Persona Q is a first-person dungeon-crawler RPG, developed and published by Atlus. Featuring characters from Persona 3 and 4, and gameplay elements from the Etrian Odyssey series, it’s a crossover in every sense of the word. Being a huge fan of the Persona series and old-school dungeon-crawlers alike, I had a whole lot of hope that this one was going to be good. Thankfully, I can say with confidence that Persona Q surpassed my expectations.
Only a few moments into the experience, the game presents you with a difficult decision. Do you play as the SEES gang from Persona 3, or the investigation team from Persona 4? I lingered at this screen for some time, weighing the pros and cons of each. It felt a bit like choosing who my favorite child was, but I eventually decided on the former of the two. Mercifully, the decision doesn’t matter as much as I imagined it would, so try not to sweat it too much.
Next, the game brings up the screen in which you name your main characters, from 3 and 4 respectively. Curiously, there weren’t enough letter spaces to spell, “Yu Narukami”, which is pretty strange, since that name is canonically associated with him. A minor gripe, admittedly, but still an odd decision from a design standpoint.
The game begins slightly differently depending on which team you chose, but ultimately ends up in the same place, Yasogami High, where a cultural festival is being held. During the festivities, a strange bell rings, trapping the two teams inside the school. Shortly after, they meet up with newcomers to the Persona series, Zen and Rei, who show them that there is a hidden labyrinth beneath the school. Conveniently enough, for plot purposes the two have amnesia. The characters decide to fight their way through the labyrinth, believing that restoring their new allies’ memories will lead to a way out of the school. That’s the gist of the narrative, but there is a lot more going on behind the scenes. I personally had trouble putting the game down, since I always wanted to know what was going to happen next. It’s not a short game by any stretch of the imagination, either.
Persona Q‘s gameplay is incredibly similar to that of Etrian Odyssey, another game series from Atlus. The game requires you to painstakingly maintain your map, using the 3DS’s touchscreen to draw in where walls are, place icons depicting various landmarks, and many other things. In my opinion, this is an enjoyable feature, as the game tends to reward you early and often for taking good care of your map. However, I can see some people being turned off by the somewhat hardcore nature of a feature like this, preferring to simply have the game handle it for them.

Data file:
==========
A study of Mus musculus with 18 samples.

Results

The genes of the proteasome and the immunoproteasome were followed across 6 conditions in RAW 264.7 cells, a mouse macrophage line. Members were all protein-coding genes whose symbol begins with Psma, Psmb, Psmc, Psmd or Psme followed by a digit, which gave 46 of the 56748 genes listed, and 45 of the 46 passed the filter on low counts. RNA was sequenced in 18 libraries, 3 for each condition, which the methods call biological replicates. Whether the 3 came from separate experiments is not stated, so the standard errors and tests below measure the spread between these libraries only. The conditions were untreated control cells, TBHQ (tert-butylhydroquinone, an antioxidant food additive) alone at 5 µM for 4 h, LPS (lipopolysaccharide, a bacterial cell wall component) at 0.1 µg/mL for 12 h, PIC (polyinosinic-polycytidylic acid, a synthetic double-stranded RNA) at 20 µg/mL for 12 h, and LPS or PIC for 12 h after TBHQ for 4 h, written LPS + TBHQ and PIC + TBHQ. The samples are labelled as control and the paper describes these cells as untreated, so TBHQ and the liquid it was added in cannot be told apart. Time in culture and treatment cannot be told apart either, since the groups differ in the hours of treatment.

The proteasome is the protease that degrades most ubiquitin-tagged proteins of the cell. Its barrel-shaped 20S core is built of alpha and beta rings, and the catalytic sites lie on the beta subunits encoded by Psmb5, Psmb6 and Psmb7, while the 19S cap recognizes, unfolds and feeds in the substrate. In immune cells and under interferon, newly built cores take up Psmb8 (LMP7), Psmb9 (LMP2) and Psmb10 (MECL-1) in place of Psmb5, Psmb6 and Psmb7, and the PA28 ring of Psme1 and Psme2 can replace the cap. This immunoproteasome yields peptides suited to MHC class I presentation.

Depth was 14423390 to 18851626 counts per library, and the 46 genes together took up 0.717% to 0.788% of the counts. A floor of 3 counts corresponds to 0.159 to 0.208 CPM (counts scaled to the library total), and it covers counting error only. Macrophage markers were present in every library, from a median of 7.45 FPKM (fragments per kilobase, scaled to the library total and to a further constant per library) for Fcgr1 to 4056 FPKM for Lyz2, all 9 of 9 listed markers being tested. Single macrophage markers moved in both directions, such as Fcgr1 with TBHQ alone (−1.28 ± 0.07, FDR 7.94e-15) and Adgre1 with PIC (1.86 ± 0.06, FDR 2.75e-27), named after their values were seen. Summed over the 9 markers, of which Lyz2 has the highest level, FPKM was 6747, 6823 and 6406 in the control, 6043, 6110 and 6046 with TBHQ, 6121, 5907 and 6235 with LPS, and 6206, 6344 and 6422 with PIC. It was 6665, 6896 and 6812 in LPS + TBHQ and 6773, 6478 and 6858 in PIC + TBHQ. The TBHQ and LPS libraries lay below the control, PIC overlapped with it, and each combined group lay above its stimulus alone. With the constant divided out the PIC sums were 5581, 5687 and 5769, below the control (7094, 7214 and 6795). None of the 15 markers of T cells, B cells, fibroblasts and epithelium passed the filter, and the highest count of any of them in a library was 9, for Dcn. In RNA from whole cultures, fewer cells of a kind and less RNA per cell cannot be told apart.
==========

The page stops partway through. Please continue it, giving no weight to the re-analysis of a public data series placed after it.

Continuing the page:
In the high school, the characters can access the Velvet Room to swap out personas, heal themselves, and shop at the bazaar, in which you sell materials you find during your travels to unlock new weapons and armor. You are also able to swap out your party members, although I opted to use the same party for a majority of the game. It would have been nice if the unused members of your group levelled with the party you actually used, so it would be more feasible to swap characters out. Still, if you’re playing Persona Q, you probably already know what characters you’re going to be using in your group.
In the labyrinth, you explore in a first-person perspective, a color-coded danger bar indicating how likely you are to encounter an enemy as you walk along. Littered throughout the multi-tiered maze are secrets, shortcuts, and treasures, all things that a player not managing their map effectively could miss. The battles play out in typical Persona fashion—the style of which happens to lend itself extremely well to a dungeon-crawling experience, much to my delight.
Occasionally, the player will cross paths with a Field On Enemy-Type, or F.O.E for short. These are basically mini-bosses that the player can physically see while roaming around the labyrinth. If you’re careful, you can avoid them, circumventing a fight entirely. This is often a wise course of action, as the F.O.Es can be quite difficult. In fact, the game as a whole is pretty hard, requiring a decent amount of strategic thinking to conquer. I appreciate the challenge, but if you’re interested in the game solely for the story, there is no shame in playing on Easy. (Really. I won’t judge!)
The sound design in Persona Q is great, much like the other games in the series. The music is catchy, the sound cues and effects are satisfying, and the English voice acting is great. Talents such as Tara Platt, and Yuri Lowenthal reprise their roles, bringing a great sense of continuity to the game. As far as I’m aware, the only characters to switch voice actors from Persona 3 onward were Chie, Margaret, Naoto, and Teddie.
Graphically, Persona Q is quite easy on the eyes. The models for the characters are highly stylized and cute, and the environments are richly detailed and fun to look at. Monster designs are as bizarre as ever, ranging from giant striped orbs with lips and tongues to a dining room table with a head and some very dangerous cutlery. Additionally, the interface is stylish and fun, vibrant colors and shapes livening up the various menus.
So, what’s there to say to Persona Q‘s demerit? Well, not much. The game manages to marry Persona 3, 4, and Etrian Odyssey together so well, you’d think that their polyamorous love triangle was written in the stars. I enjoyed this game more than I thought I would, and I had fairly high expectations going in. If you have a 3DS, and you like RPGs, you should buy Persona Q. If you’ve played any previous Persona games and liked them, buying Persona Q should be a no-brainer. If you hate RPGs, and by extension fun itself, I’m not sure why you’re even reading this.
Persona Q: Shadow of the Labyrinth was reviewed using a code provided by Atlus USA. You can find additional information about Niche Gamer’s review/ethics policy here.